How Nickel Affects The Body
Symptoms of Nickel Toxicity
Antagonists And Chelators
Hair Mineral Analysis Notes Regarding Nickel
A “Child” Mineral
Anthropomorphic Qualities Of Nickel
Used By The Rogues To Sicken People
Nickel is an older, “male” mineral that affects all the organs of the body. However, it seems to affect most the brain and the lungs. The word male is used because nickel is more “yang” than many other minerals. Yang in macrobiotics is more associated with maleness.
Nickel may be called the lung cancer mineral. Nickel is found in cigarette smoke and getting too much of it can cause or contribute to lung cancer.
SOURCES OF NICKEL
– rooibos tea or red teas
– metallic dental braces (very important)
– cell phones that are metallic and touch the skin of the cheek.
– possibly other dental wires besides braces
– some dental crowns contain some nickel
– possibly Breville and Sunbeam water boilers that use nickel-plated immersion heaters
– hydrogenated vegetable oils
– contaminated alcoholic beverages
– margarines and imitation whip cream
– commercial peanut butter
– vegetable shortening
– nickel-plated jewelry
– kelp, if contaminated
– possibly some unrefined grains and cereals
– oysters and possibly other shellfish from contaminated waters
– nickel plating on metallic objects
– cigarette smoking
– manufacture of steel
– some batteries, machine parts, wire, and electrical parts
– lifting steel weights or handling anything made of steel
HOW NICKEL AFFECTS THE BODY
Kidneys – nickel has a tendency to accumulate in the kidneys and damage the kidneys.
Hormone, lipid and membrane metabolism – some nickel compounds may have some physiological role related to these functions.
Cancer – nickel associated with development of lung cancer, specifically, in those exposed to nickel vapors.
Brain – nickel toxicity is definitely associated with negative feelings, including depression and, if exposure is severe enough, suicidal thoughts. Nickel may also cause a person to be “attached” or abnormally dependent on others. It may have this effect by weakening the body or brain in a particular way.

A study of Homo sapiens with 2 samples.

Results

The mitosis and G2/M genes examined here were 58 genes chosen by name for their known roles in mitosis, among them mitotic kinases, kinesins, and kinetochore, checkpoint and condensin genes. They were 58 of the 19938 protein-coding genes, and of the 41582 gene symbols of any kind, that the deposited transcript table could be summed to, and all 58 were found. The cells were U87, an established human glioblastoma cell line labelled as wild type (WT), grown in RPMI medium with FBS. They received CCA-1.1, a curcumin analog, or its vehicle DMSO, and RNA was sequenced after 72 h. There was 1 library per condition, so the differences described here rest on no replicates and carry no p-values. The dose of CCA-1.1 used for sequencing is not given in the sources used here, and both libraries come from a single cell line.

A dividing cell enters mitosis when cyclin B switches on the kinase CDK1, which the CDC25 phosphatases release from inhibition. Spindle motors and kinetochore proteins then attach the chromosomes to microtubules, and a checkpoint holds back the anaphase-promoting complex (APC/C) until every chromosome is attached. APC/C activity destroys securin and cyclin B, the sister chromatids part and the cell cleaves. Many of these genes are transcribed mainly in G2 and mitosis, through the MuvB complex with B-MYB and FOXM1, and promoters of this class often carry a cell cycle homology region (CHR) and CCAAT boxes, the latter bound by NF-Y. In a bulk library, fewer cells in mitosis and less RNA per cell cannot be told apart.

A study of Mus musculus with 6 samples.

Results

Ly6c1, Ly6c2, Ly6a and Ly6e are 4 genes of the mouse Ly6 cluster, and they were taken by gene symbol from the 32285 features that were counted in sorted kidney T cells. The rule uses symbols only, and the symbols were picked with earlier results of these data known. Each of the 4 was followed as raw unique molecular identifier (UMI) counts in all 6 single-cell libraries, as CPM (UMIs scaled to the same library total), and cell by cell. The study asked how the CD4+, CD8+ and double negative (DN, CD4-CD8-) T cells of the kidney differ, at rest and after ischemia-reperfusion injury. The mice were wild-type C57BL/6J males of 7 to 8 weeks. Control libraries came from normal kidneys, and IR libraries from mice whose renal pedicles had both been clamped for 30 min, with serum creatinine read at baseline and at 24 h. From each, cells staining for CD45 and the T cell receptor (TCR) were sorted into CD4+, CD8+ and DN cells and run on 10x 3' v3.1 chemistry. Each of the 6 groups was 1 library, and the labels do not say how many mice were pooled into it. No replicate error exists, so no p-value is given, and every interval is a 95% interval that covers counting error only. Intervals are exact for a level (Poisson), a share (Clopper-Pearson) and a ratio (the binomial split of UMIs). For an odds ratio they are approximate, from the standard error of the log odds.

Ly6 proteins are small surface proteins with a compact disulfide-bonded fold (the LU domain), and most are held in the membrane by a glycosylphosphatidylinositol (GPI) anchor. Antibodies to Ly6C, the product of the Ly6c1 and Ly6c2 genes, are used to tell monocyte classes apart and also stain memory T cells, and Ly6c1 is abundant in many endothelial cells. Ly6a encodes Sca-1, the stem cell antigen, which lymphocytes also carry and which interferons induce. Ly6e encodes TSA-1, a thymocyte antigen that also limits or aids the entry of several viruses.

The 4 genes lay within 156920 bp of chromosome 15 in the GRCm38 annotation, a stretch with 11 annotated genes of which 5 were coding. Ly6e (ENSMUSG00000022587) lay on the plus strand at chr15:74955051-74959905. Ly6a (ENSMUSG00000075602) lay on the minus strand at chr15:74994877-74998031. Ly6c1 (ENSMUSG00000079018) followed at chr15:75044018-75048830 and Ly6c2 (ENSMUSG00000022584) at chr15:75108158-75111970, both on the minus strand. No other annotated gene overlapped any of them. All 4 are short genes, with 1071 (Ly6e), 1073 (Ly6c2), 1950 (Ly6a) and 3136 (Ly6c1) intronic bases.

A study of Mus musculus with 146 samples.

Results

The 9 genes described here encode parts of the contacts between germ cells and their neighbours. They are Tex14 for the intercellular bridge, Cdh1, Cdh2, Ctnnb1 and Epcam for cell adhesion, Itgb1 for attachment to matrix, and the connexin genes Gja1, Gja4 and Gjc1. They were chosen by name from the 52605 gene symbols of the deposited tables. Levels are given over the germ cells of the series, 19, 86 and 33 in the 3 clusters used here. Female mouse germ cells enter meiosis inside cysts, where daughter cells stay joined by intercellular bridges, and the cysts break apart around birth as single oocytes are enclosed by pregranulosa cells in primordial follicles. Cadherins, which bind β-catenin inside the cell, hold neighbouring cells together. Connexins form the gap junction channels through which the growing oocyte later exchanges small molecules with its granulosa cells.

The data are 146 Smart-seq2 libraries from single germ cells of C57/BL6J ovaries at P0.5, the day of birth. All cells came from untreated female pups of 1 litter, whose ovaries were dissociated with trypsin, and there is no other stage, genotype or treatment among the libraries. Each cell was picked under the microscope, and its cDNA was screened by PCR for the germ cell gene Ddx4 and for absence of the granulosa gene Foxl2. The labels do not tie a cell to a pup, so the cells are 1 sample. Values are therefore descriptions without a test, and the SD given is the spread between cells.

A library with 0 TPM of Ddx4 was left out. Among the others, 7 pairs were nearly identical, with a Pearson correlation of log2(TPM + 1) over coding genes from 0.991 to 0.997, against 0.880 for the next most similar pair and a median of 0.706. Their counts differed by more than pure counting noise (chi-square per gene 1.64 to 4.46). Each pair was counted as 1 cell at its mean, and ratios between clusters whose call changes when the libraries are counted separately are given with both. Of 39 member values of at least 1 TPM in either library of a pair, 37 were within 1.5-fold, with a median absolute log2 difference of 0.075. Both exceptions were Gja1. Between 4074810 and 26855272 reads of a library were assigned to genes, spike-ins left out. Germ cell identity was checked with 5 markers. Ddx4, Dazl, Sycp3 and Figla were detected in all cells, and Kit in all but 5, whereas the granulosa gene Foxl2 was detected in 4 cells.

SYMPTOMS OF NICKEL TOXICITY
cancer, oral, intestinal and lung
low blood pressure
muscle tremors, tetany and paralysis
depression, abnormal attachment to others, and suicidal thoughts
ANTAGONISTS AND CHELATORS
Iron is a nickel antagonist. It competes with nickel for absorption. Some nickel compounds may deplete B-complex vitamins.
Among natural chelators, vitamin C can chelate some nickel. Distilled water can probably remove some, as well. Many nutrients help antagonize or prevent the buildup of nickel.
HAIR MINERAL ANALYSIS NOTES ABOUT NICKEL
A “CHILD” MINERAL
A form of nickel found in certain foods is a “child” mineral. This means that all children have some of it, and it helps cause attachment to one’s parents. This is a defense mechanism to keep a child from straying or disobeying parents. As one matures, one will eliminate this nickel compound.
Nickel is a very hard and durable metal. It is used for plating other metals to cover and protect other metals, for this reason. For example, less expensive jewelry, bathroom fixtures, and many other products are often nickel-plated or covered with nickel for protection.
Nickel is also a hardener. Hydrogenated oils, which are hardened vegetable oils, are made by bubbling nickel carbonyl through the oil. The chemical reaction hardens the oil to make products such as margarine, commercial peanut butter, and vegetable shortening. Unfortunately, these products contain nickel.
Nickel also can be given a very shiny, smooth appearance. It is used in costume jewelry as an inexpensive substitute for silver, for this reason.
Nickel is also associated with physical life on earth. This is a philosophical, rather than a physiological or pathological quality of the metal. Nickel, specifically, has to do with the structural aspect of physicality such as the bones, but even more so the lungs and the respiratory system of the physical body.